The Daily Editors' Blog
Long-term care tends to ignore home- or community-based service technology and data mining, but the era of bundled payments, partnerships and accountable care mean it's time to pay attention. Of course, technology gets healthcare services only so far.
Professionals are often told it's in their best interest to network. Friend of long-term care Kerrick Butler has brought new meaning to the concept.
A new report is out and it is a veritable time capsule of trends driving long-term care. Now in its 30th year, CliftonLarsonAllen's Skilled Nursing Facility Cost Comparison Report came about when the company's long-term clients began asking how they measured up to others.
You can bet that nursing home-hired actuaries, lawyers, consultants and other assorted bean counters are going over new rules with a fine-tooth comb. They are looking for the next generation of potential revenue streams — and any loopholes to them. If they exist, they will be found, and implemented.
The Real Nurse Jackie
Unfortunately, in this litigious society, and especially as long-term care professionals, we are sometimes put in a position to open our mouths in court. If you worry about this, relax. You can't do any worse some others before you.
We always have a lot of signs in our facilities, right? Well, yesterday I came across a new one that blew my mind. I asked the driver of the car I was in to stop so I could take a picture of it.
If you wait to only react to the process, you will have to bite off more than you can chew when the deadlines come.
In particular, SNFs must make sure the right personnel mix of healthcare and business expertise exists, especially as doctors become de facto insurance administrators.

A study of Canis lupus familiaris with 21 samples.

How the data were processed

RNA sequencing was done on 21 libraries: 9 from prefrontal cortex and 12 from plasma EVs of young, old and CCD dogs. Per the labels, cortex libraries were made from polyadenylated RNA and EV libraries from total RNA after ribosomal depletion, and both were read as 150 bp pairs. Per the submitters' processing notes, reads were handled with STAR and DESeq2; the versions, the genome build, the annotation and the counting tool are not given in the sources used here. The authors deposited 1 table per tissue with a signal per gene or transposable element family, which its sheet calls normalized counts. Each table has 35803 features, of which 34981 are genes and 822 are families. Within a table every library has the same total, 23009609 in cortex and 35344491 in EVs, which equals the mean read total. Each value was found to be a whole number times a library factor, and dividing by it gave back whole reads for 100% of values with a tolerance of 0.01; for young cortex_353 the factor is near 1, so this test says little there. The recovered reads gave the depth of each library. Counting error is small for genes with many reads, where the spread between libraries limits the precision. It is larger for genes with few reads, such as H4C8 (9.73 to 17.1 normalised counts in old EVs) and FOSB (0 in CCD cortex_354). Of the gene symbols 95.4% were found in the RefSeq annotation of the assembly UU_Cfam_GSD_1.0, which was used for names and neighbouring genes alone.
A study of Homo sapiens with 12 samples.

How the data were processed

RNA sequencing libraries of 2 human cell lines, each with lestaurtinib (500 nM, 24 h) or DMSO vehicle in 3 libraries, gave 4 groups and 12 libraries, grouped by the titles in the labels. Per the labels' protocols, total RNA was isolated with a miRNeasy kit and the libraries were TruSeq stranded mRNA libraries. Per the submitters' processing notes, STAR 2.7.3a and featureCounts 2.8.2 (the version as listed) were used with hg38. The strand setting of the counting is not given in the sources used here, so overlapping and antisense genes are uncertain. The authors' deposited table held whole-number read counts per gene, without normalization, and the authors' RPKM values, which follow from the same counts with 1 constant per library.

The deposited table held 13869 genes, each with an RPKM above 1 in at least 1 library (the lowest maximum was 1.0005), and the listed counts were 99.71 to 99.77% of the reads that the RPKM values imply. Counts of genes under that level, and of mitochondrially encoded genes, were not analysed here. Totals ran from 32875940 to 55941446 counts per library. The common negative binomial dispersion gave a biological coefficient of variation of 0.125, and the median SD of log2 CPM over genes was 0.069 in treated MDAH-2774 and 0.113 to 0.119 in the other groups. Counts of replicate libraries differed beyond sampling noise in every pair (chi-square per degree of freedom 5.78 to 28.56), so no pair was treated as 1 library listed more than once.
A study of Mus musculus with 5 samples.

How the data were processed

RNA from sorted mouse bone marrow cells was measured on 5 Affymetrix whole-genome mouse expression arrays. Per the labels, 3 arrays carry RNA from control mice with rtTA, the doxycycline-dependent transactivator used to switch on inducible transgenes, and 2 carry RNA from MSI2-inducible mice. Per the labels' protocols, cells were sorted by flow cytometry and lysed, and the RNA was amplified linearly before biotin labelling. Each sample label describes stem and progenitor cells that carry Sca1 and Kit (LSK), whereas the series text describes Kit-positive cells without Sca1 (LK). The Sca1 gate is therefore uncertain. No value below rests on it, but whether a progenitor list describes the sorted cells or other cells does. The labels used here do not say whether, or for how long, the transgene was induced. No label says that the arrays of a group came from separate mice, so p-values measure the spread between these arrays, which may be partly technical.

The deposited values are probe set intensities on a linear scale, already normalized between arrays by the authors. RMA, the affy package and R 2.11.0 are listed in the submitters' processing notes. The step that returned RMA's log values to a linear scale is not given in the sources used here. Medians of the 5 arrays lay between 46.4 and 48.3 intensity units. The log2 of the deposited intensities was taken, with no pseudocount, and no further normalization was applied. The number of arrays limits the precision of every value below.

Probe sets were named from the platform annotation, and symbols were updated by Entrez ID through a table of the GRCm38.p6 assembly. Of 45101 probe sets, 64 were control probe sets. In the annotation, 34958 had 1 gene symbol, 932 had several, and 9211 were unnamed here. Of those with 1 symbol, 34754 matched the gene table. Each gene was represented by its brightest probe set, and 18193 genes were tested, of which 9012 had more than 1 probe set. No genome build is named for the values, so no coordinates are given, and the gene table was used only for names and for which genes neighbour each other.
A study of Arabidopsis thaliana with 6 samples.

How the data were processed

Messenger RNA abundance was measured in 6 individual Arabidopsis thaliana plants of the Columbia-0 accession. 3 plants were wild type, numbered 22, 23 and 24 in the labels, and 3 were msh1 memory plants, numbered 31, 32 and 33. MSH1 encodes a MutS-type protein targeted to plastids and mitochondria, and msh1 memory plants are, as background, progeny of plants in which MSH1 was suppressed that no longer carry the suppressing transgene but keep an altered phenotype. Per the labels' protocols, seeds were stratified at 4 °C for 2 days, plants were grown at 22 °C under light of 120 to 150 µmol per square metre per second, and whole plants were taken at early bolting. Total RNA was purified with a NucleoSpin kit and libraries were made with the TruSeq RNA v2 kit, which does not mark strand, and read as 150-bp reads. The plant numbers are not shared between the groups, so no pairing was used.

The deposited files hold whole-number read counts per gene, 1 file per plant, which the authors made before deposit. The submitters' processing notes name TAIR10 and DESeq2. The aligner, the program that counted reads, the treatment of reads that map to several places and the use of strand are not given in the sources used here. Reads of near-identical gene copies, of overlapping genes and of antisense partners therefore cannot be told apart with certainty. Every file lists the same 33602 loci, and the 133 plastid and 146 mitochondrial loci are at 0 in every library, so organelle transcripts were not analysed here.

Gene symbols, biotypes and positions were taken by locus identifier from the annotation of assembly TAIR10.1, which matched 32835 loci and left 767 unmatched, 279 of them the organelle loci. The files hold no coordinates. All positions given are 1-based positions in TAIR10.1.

Things I Think
When I was a wee boy living in the Canadian wilderness, we needed to dig a well, so my dad hired a creepy-looking guy called a "water witch" to wander the property holding a forked stick out in front of him. If only finding the right long-term care employee were that easy.
Let's say you bought your long-term care administrator an expensive venti tall double-half frappalatte on your way to work yesterday, and he didn't reimburse you for it. Should you A) playfully remind him about it when you pass in the hall; B) consider it an investment in your future and move on; or C) sucker punch him in the face at the next stand-up?
The World According to Dr. El
Given the stresses of caregiving and the complexities of human relationships, incivility happens. But considering the potential impact of rudeness on care, we need to do more to understand and prevent rudeness when we can. Here's how to start.
In the beginning of my long-term care career, I quickly recognized that in order to be of service in this environment, I needed to come to a spiritual understanding of how such nice people could be dealing with such difficult illnesses. This was important because psychology graduate school, much like med school classes, definitely had not focused on clients' spiritual needs.